Thanks to the 470 of you who were gracious enough to fill out the not-especially-scientific survey, I can now state with confidence that the typical reader of johnaugust.com is a North American college graduate in his 20’s who has a Y chromosome, but no WGA card.
Now, before anyone protests, I should point out that not all readers are typical. Some are women in their 30’s from South Africa with graduate degrees; others are older, younger, or more international. And one could easily fault the methodology: it relied completely on self-reporting, with no particular incentive for readers to click the link to take the survey.
Yet the trends in the data are so clear that there’s not a lot of point keeping the survey running any longer. If you don’t believe me, maybe some charts will prove the point:
The vast majority of readers are men. That’s no surprise, but I wasn’t expecting almost 90%. I don’t know whether this reflects the reality of the male/female split among screenwriters or not. Regardless, I try to vary to my pronouns, so that I’m not always talking about “a screenwriter and his script.”
Readers are a little older than I thought. Had I known that the under-20 categories would be so sparsely populated, I would have broken up the age groups differently. Given the average age, I may feel a little more liberty to swear.
Based on my experience with questions from the IMDb, I assumed the readership was a little more international. I’ll continue to try to make my answers applicable overseas, at least in cases where I know the different terminology.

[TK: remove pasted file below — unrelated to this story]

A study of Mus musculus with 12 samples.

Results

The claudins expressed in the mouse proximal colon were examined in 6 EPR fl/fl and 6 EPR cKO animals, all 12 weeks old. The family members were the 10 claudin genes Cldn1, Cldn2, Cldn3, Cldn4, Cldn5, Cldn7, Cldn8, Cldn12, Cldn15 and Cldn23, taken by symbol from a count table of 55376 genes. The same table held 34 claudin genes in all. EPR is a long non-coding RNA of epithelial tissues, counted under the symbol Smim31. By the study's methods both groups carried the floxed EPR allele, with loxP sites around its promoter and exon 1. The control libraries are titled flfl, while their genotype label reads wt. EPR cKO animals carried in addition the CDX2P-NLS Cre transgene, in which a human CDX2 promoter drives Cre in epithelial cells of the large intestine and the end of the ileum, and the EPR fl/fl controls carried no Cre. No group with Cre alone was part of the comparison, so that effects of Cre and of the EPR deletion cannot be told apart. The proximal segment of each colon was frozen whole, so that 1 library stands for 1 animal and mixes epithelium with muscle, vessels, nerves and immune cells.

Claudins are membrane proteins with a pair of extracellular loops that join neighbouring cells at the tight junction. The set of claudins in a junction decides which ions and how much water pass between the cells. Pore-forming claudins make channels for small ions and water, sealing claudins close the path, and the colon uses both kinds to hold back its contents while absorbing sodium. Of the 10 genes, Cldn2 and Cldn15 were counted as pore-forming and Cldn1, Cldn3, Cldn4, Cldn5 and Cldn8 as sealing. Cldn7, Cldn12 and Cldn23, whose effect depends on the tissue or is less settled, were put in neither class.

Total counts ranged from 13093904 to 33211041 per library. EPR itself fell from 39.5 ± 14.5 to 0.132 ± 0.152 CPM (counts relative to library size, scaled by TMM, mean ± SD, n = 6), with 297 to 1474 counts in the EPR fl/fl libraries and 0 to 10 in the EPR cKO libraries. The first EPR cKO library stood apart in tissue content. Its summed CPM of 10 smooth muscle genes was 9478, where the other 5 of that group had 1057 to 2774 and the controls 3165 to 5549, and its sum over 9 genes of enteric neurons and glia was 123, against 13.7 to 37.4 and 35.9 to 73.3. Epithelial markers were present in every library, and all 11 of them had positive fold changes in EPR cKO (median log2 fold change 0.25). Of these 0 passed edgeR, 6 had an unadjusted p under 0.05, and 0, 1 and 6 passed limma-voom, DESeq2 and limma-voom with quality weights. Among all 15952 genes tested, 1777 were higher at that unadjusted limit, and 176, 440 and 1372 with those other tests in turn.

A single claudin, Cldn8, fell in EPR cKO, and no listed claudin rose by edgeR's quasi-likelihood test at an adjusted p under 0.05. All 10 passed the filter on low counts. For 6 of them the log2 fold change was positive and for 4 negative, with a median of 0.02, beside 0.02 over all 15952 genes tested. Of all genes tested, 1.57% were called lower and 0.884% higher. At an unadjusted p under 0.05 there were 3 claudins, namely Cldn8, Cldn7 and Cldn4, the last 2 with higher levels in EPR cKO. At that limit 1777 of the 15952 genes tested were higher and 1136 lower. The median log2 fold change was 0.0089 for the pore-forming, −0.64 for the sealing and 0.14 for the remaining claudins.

Again, this is different than the average readership of the IMDb page. At least a third of the questions I get from IMDb are written by non-native speakers.
Sometimes, I wish there were a little flag graphic readers could put on a post that signified English wasn’t their first language. A lot of the mocking and flame wars that happen in discussion forums might disappear if everyone took a step back and realized they didn’t have the same fluency in the language. We need to reward international readers for taking a chance by writing in. It takes guts. I speak Spanish, but I would never be brave enough to leave a comment on a Spanish-language site.
This goes hand-in-hand with the age question. The average reader is much further along in his education than I would have guessed. So along with more swearing, I’ll feel free to talk about keggers.
This is the best distribution among any of the survey questions. As expected, most readers are on the early side of their writing careers, but a sizable number has also written a lot more. (For the record, I’ve written 23 feature scripts and six television scripts.)
Very few readers are WGA members. That’s what I suspected, which is one reason that I avoid talking about WGA politics and issues. (The other reason: for most of the important questions, there’s no clear answer.)
Shortly after I posted the survey, a reader pointed out that the question as originally worded didn’t make any sense to people who were subscribing to the feed, since the feed pulls down new entries whenever they’re posted. So I added the parenthetical. Either way, the question doesn’t tell us a lot. I only update the site every few days, so visiting more often than that probably isn’t helpful.
From the web stats, I can tell how many times the RSS or Atom feeds are hit, but aggregators like Bloglines make it hard to gauge what percentage of readers are actually using the feeds. I suspect in a year or two, as syndication feeds get better integrated, these percentages will even out.
Question 10 was a free answer essay. Remarkably, almost half of you wrote something. In a subsequent post, I’ll list the most interesting and helpful suggestions, some of which I plan to implement right away.
Once again, thanks to everyone who took the time to fill out the survey. It really helped me get a better sense of who I’m writing for.